The long-awaited reform of France’s mining code is about to get under way. But the new text pays very little heed to the country’s environmental objectives. EurActiv France reports.
A proposal from the governing Socialist Party on modernising France’s mining code and adapting it to the requirements of environmental law will be debated by French MPs.
But even before this examination has begun, the bill has been strongly criticised by Green MPs and civil society organisations.
“This is an unambitious bill that leaves the door wide open to industrial lobbies,” said Laurence Abeille, a Green MP and member of the French parliament’s sustainable development committee. A controversial first version of the bill had already been withdrawn at the end of September.
First written in 1810 and then modified in 1950, the French mining code lays out the procedure for granting mining exploration and exploitation concessions, particularly for hydrocarbons. But it is not suited to the contemporary situation and the system is seen as too long-winded and restrictive by the extractive industries.
But its reform, announced sevral times in the past, has taken some time. It was again kicked into the long grass in 2011, when strong resistance to the development of unconventional hydrocarbons brought the code’s shortcomings into sharp relief.
François Hollande’s government has waited until the end of its mandate to bring the issue to the table. A timetable that threatens to sink the revision by not allowing enough time before the French presidential elections and the end of parliamentary activities.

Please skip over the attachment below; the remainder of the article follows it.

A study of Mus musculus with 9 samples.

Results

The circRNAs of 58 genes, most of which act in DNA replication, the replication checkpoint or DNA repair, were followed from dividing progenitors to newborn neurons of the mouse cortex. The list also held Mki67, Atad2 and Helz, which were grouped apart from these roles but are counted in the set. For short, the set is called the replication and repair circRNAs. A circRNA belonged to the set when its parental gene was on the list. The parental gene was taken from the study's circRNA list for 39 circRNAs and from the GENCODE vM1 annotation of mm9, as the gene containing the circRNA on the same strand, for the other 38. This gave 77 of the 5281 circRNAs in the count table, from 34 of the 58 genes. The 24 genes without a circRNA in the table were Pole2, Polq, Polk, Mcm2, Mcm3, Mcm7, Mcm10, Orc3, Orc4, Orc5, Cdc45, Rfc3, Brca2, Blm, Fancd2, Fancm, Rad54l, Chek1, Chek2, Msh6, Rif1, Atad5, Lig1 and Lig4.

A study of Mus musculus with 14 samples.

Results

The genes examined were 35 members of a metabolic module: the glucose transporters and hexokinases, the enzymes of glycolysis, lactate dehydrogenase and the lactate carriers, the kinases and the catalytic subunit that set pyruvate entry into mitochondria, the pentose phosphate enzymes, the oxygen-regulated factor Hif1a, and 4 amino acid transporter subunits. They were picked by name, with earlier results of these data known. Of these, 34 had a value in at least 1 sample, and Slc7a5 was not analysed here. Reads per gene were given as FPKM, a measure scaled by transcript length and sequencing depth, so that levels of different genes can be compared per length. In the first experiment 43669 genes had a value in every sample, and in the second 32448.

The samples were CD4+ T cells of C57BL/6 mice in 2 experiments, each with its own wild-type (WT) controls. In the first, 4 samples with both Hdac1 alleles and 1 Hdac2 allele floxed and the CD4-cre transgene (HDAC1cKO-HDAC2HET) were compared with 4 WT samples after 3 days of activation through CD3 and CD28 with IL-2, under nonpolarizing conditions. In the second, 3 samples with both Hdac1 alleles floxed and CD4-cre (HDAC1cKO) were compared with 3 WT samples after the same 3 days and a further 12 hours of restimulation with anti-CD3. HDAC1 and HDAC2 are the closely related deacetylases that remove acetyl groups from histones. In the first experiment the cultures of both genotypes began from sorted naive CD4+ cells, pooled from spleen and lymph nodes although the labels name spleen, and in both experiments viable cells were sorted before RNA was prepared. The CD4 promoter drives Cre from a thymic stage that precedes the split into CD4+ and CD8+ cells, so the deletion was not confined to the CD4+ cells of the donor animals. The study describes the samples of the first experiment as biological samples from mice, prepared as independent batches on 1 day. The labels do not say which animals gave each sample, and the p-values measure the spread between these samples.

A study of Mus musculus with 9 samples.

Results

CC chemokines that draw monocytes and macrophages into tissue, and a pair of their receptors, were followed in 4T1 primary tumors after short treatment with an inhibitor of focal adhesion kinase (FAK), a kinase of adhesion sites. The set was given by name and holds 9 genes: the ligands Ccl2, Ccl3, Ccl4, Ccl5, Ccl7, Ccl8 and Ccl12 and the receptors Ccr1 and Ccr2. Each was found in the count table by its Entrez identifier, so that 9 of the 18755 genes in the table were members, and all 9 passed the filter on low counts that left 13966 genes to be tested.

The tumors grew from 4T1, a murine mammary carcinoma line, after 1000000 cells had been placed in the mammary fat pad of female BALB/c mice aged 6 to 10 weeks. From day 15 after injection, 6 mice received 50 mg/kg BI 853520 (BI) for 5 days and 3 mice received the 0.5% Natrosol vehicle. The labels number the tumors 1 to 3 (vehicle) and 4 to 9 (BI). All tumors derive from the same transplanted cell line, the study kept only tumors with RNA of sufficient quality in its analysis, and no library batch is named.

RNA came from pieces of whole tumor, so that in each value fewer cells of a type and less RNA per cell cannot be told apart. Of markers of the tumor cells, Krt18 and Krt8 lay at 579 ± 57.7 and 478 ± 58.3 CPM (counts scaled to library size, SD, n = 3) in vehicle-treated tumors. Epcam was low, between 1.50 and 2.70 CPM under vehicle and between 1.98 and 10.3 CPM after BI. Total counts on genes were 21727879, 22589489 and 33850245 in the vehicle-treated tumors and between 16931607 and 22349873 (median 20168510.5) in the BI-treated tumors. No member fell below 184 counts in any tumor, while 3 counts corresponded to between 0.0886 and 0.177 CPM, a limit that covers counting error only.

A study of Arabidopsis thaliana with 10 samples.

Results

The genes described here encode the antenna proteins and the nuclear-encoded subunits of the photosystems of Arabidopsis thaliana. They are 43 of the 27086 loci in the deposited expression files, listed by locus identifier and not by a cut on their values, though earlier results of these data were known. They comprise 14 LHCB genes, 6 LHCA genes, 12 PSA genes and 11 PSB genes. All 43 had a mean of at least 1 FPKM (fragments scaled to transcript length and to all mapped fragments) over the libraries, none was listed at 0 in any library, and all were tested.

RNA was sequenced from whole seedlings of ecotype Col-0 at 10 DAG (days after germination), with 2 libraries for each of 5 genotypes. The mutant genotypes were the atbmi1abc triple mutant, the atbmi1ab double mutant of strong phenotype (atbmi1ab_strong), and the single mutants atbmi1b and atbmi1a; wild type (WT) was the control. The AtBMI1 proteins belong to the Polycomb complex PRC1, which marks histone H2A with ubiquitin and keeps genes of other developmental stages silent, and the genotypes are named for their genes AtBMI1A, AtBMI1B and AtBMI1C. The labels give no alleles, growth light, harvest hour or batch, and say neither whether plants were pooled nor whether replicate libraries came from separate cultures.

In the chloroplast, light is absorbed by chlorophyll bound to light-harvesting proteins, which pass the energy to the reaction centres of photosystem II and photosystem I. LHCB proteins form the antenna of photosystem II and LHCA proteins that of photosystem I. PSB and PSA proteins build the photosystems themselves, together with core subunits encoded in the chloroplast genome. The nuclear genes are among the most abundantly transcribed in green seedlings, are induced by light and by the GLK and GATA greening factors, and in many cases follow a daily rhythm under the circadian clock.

“Can this bill make it to the end? It is not impossible, but we have to ask the question,” Abeille said.
COP21 brushed aside?
The rewritten code, on which discussions are due to begin next week, contains several points of controversy. Not least, its incompatibility with the commitments made by France at the COP21 and the new energy transition law.
“The least we could have expected would have been to subordinate the mining code to these two texts. But they are not even mentioned in the proposal,” said Claude Taton, a member of the Frack Free Europe network.
“Today, the mining code is not compatible with the commitments made by France under the Paris Agreement, because it foresees the continuation of fossil fuel exploitation,” the Green MP added.
Green MPs also denounced the limited power of the state to control mining operations, in spite of the fact that it owns the French sub-soil and is the only body competent to hand out or suspend mining permits.
To be able to refuse a mining permit, the public authorities must be able to demonstrate that there is “serious doubt” over the project’s environmental impact.
“The result is that the state cannot even stop a mining operation for health reasons!” said Michèle Rivasi, a Green MEP.
What is more, under the bill put forward by the government, companies will not be required to specify in their application the extraction technique they would use. NGOs fear this lack of clarity could open the back door to controversial techniques such as fracking.
During the examination of the bill, the Greens hope to include a specific mention of these unconventional hydrocarbons. “One of our objectives is to include a ban on unconventional hydrocarbons in the mining code,” said Abeille.